Wednesday, October 12, 2011

Jimmy Rollins, Comedian

I've got a funny story to tell you.  No, really.  It'll crack you up.  It's about Phillies' shortstop Jimmy Rollins.  Giggling yet?  Okay, here goes.

Jimmy Rollins wants a five-year contract.

I'll give you a few moments to collect yourself.

It's true.  The former National League MVP (accent on "former") and soon-to-be free agent is seeking a five-year deal to remain with the Phillies or with whoever doesn't mind giving their money away.

 Jimmy Rollins' decision to ask for a five-year deal is certainly a head-scratcher.

Let's review this together.  This isn't the 2007 Jimmy Rollins we're taking for a spin here.  You remember that model, don't you?  Rollins was 28 years old and entering his prime when he proclaimed the Phillies as the team to beat in the National League East and then went out and delivered an MVP season.  That was four years ago.

Now Rollins is about to turn 33.  He is coming off a season in which he was placed on the disabled list for the fourth time in four seasons.  He has also continued his decline as the Phillies' leadoff hitter and spark plug.  After his magical 2007 season in which he hit .296 with 38 doubles, a league-leading 20 triples, 30 HR, 94 RBI, 41 SB and 139 runs scored (also pacing the NL in that category), his numbers have suffered.

Since 2008, Rollins has missed a total of 126 games for the Phillies.  His batting average over the past four seasons has been an unimpressive .261 and his on-base percentage (.325) has not been what a team should expect from its leadoff hitter.  Furthermore, Rollins' unexpected power surge in 2007 has proven to be a fluke, as the shortstop has averaged only 14 HR per season since his MVP season.

Speaking of flukes, do you remember those 20 triples he hit in 2007?  (You should.  I only mentioned it two paragraphs ago.)  In the four years since the 2007 campaign, Rollins has managed to hit only 19 triples.  That's one less triple in a quartet of seasons than he managed to hit in one playing-over-his-head season.

So we have a player who's clearly on the downside of his career, knows all the employees at the DL Hotel by first name, and this player is asking to be rewarded with a five-year contract?  Is he being serious or does he think we're as dumb as Turd Ferguson?

Turd Ferguson doesn't think Jimmy Rollins is being funny with his contract demands, and Turd Ferguson knows a thing or two about what's funny.

Let's talk about some of Jimmy Rollins' teammates, shall we?  First, there's Cliff Lee.  In 2010, he helped lead the Texas Rangers to their first World Series appearance in franchise history, a year after he pitched in the Fall Classic for the Phillies.  From 2008 to 2010, Lee went 48-25 with a 2.98 ERA and picked up valuable postseason experience.  For his efforts, the Phillies signed the 32-year-old Lee to a $120 million contract.  How long was this contract for?  Five years.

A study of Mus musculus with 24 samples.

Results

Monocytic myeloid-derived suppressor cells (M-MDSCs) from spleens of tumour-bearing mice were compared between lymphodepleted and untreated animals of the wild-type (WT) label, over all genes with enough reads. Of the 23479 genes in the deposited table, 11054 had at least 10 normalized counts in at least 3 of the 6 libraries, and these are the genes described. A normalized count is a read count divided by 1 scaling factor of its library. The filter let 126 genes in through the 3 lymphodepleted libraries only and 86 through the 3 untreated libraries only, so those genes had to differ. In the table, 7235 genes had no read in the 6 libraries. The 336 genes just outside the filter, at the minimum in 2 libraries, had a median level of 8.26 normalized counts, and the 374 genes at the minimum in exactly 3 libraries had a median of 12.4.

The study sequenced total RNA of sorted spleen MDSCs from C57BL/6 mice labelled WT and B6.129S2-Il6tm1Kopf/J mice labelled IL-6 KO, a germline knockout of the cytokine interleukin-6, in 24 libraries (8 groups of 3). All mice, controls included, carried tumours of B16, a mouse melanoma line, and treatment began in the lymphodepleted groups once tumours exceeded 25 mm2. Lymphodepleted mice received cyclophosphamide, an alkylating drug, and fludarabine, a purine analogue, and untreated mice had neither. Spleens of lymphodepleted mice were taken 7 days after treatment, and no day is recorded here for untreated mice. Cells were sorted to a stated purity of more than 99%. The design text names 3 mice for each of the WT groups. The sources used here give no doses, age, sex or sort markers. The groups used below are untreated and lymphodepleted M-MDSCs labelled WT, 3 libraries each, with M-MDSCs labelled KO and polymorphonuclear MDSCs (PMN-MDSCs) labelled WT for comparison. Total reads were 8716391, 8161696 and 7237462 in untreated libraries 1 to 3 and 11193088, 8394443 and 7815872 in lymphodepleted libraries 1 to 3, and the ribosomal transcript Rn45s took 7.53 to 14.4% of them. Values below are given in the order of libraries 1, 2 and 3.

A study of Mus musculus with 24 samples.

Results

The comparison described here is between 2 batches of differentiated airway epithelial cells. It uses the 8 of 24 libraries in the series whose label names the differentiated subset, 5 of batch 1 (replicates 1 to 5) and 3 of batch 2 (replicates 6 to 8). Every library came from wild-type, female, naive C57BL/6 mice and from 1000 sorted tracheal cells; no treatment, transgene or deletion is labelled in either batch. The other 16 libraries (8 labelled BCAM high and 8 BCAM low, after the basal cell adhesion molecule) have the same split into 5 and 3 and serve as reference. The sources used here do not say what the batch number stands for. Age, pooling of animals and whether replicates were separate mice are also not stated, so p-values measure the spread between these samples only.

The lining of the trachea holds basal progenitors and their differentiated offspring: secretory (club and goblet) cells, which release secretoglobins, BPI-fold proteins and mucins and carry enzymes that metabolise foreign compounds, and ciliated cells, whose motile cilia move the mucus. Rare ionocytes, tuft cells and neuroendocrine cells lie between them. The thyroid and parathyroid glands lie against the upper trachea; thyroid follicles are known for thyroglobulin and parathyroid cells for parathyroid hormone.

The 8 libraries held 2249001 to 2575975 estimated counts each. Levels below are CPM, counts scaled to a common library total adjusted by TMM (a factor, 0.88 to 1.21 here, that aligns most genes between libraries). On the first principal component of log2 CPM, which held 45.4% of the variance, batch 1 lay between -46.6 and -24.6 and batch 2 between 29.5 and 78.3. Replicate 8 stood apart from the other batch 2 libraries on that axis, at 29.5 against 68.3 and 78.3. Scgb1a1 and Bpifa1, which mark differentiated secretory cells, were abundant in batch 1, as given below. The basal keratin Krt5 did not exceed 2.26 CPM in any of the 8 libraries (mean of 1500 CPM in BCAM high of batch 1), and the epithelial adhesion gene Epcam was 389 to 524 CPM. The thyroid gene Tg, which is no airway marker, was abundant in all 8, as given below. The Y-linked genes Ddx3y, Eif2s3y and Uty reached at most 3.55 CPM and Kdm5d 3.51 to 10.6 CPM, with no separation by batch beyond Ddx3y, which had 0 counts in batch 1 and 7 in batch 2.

Now, let's discuss Rollins' infield mate, Ryan Howard.  The Phillies' behemoth has been one of the most feared power hitters in all of baseball since making his major league debut in 2004.  Since 2006, Howard has averaged 44 HR and 133 RBI per season, along with a .274 batting average and .369 on-base percentage.  In April 2010, the Phillies gave the then-30-year-old Howard a $125 million contract extension that would begin in 2012.  What was the length of Howard's deal?  Five years.

Finally, let's look at a certain Harry Leroy Halladay.  The Phillies traded for Halladay prior to the 2010 season and gave him a $60 million contract extension that began this season.  At the time of the trade and subsequent extension, Halladay was 32 years old.  Since then, Halladay has given the Phillies a regular season perfect game, a postseason no-hitter, a 40-16 won-loss record and a stellar 2.40 ERA.  So how long was that extension the Phillies gave him?  Three years.

So Cliff Lee and Roy Halladay, two of the best pitchers in the National League who have no health issues and are showing no signs of slowing down, get five years and three years, respectively.  Ryan Howard, the top slugger in the league who had no injury history prior to signing his deal, also gets five years.  None of the three players was older than 32 years old at the time they signed their deals with the Phillies.

Jimmy Rollins is currently older than all three players mentioned above at the time they put their John Hancocks on their contracts.  He also has an injury history and has seen a sharp decline in his numbers, something Lee, Halladay and Howard could not say when they signed on the dotted line.

There is no way Rollins will get a five-year contract from anyone, including the only team he has suited up for.  If the Phillies gave five years to the healthy, productive and younger Cliff Lee and Ryan Howard and only three years to one of the best pitchers of our generation in Roy Halladay, why should they give the brittle Rollins what he's asking for?

Jose Reyes might not get more than five years and that's the 28-year-old reigning National League batting champion we're talking about.  Rollins should consider himself lucky if he gets a Jeter-esque three-year deal. 

Simply stated, Wile E. Coyote, Genius has a better chance to get a five-year deal than Jimmy Rollins, Comedian.  At least with Wile E., you know he'll come back from an injury quickly to do what he does best.